This past Tuesday, I had the endoscopy at I mentioned in a previous column. Just to be on the safe side, I re-read the instructions the doctor had given me. This act is much like reading the warranty after you made a purchase.
The most important thing instruction was what I could not eat or drink after midnight, the night before the endoscopy.
Okay, I could handle that. Next, someone had to drive me to and from the appointment. Again, not a problem, as my wife Marcy already had agreed to do it and go to work late that day.
On Monday, while I was at work, the office of the physician, doing the endoscopy, called to add that I could not drive for 24 hours after the procedure. What is that about? I was stuck home the entire day and couldn’t do anything. It also meant that we had to arrange to get to the school play, featuring my daughter, that same night.
This disaster was resolved when my in-laws said they would pick us up. We, Marcy and I, arrive for the endoscopy on time and fill out paperwork. The anesthesiologist introduces himself, my confidence declines, and I ask what drug of choice he uses. The answer is Propofol, a common drug, in the hypnotic class, used for endoscopies and such.
They escort me into a treatment room and throw a blue gown over my regular clothes. I sit down on the table. Dr. G, the anesthesiologist, puts the IV in my right arm and attaches whatever tubing he has to use. Dr. C puts a plastic guard in my mouth, and secures it around my head. He has me lay down, and I’m gone.
I wake up an hour later in another room, minus the gown and sitting in a chair. I felt so relaxed. I was happy it was over. I ask about the time; it’s now 10:15 am. I was out for an hour! Holy crap, someone turned off my consciousness.
I don’t get a lot of information from Dr. C., other than everything went well and he removed a polyp. I was still a little woozy. I didn’t ask from where or what it meant. Where do I get my lost hour refunded?
Marcy and I had decided beforehand that we were going to go to breakfast after this. W went to a local diner I had been to before. I was starving and had a bacon and cheddar cheese omelet, with home fries, and whole-wheat toast. The information sheet, I was given on my way out of the office, indicated I may have a sore throat and have trouble swallowing. I had both.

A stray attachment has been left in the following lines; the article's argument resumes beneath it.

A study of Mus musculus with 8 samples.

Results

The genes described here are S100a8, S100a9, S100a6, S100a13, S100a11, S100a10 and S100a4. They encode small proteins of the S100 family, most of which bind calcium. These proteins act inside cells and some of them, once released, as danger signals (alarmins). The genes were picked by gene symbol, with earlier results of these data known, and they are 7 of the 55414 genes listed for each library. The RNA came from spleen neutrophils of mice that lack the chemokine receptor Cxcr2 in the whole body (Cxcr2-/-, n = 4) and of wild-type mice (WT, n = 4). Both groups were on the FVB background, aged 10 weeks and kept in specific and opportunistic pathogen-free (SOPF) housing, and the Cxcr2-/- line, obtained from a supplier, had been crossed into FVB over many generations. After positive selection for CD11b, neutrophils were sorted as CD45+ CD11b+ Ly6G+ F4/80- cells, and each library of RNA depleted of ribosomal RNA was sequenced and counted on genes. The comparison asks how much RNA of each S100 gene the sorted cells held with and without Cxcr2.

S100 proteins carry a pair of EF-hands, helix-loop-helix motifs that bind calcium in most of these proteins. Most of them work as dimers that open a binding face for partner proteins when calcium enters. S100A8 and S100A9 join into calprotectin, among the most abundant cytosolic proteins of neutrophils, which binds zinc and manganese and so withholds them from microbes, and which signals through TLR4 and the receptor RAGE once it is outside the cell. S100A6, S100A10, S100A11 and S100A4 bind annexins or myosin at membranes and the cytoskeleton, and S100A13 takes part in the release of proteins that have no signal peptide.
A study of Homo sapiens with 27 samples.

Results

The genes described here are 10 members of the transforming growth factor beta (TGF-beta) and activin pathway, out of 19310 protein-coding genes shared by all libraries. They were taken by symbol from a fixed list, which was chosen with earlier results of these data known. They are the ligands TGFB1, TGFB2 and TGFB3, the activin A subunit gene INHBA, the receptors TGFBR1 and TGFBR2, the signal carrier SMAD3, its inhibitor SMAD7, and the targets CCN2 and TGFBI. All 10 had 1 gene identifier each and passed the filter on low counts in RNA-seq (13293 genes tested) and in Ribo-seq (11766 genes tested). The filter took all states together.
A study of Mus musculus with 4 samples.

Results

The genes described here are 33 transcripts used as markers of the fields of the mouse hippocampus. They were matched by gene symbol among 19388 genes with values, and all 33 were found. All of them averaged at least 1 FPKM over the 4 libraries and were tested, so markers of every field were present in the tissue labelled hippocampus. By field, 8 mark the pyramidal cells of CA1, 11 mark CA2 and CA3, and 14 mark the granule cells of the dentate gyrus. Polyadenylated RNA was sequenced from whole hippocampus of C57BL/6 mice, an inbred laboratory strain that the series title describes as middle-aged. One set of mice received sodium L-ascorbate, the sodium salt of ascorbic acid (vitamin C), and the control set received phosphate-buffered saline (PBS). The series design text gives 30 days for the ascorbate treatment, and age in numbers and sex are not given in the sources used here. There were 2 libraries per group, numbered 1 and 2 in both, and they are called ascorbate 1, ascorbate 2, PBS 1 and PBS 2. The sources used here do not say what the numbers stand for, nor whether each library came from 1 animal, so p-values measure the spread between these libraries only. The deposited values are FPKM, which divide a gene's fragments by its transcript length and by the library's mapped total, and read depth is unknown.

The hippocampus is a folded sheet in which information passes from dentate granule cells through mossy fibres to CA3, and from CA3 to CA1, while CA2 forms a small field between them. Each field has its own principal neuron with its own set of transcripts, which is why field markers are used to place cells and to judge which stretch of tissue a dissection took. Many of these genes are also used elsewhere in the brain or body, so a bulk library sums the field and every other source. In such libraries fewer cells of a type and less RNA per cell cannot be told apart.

It was a little hard to enjoy breakfast. I enjoyed breakfast. Believe me. A diner breakfast is one of the true joys in life.
We got home around 11 am. I promptly got into bed. Daphne, the cat, decided to join me and keep me warm. We slept for two or three hours. Even after I woke up, I still didn’t feel right. I guess that was why they said I couldn’t drive for 24 hours.
I had one other thing planned that day, which was getting an exchange on my 47” flat screen television. Luckily, store people showed up around 5 pm. The new set was unpacked and the old one repacked. The exchange was quick and painless.
Now, I had to set it up. The driver warned not to turn it on for a couple of hours, as it had to acclimate to the temperature in the house, and warm up. Okay, not a problem and I watched a movie from Netflix on my iTouch.
Here’s why I had to do the exchange. The firmware, for the television, would not update or allow certain widgets to work, such as Netflix and Amazon Video “On Demand.” The new set worked fine and even updated itself. The day wasn’t totally wasted.
The lights slowly came back on through the day. By dinnertime, I felt much better. I have to call next week for the test results. Just think, in March I get to do this all over when I have the colonoscopy. That should be even more fun. Stay tuned for that story.
Now, I know why certain celebrities liked Propofol. It is fast acting. You don’t remember a damn thing. Dr. G turned off the lights.
Matt Seinberg lives on Long Island, a few minutes east of New York City. He looks at everything around him and notices much. Somewhat less cynical than dyed in the wool New Yorkers, Seinberg believes those who don't see what he does like reading about what he sees and what it means to him. Seinberg columns revel in the silly little things of life and laughter as well as much well-directed anger at inept, foolish public officials. Mostly, Seinberg writes for those who laugh easily at their own foibles as well as those of others.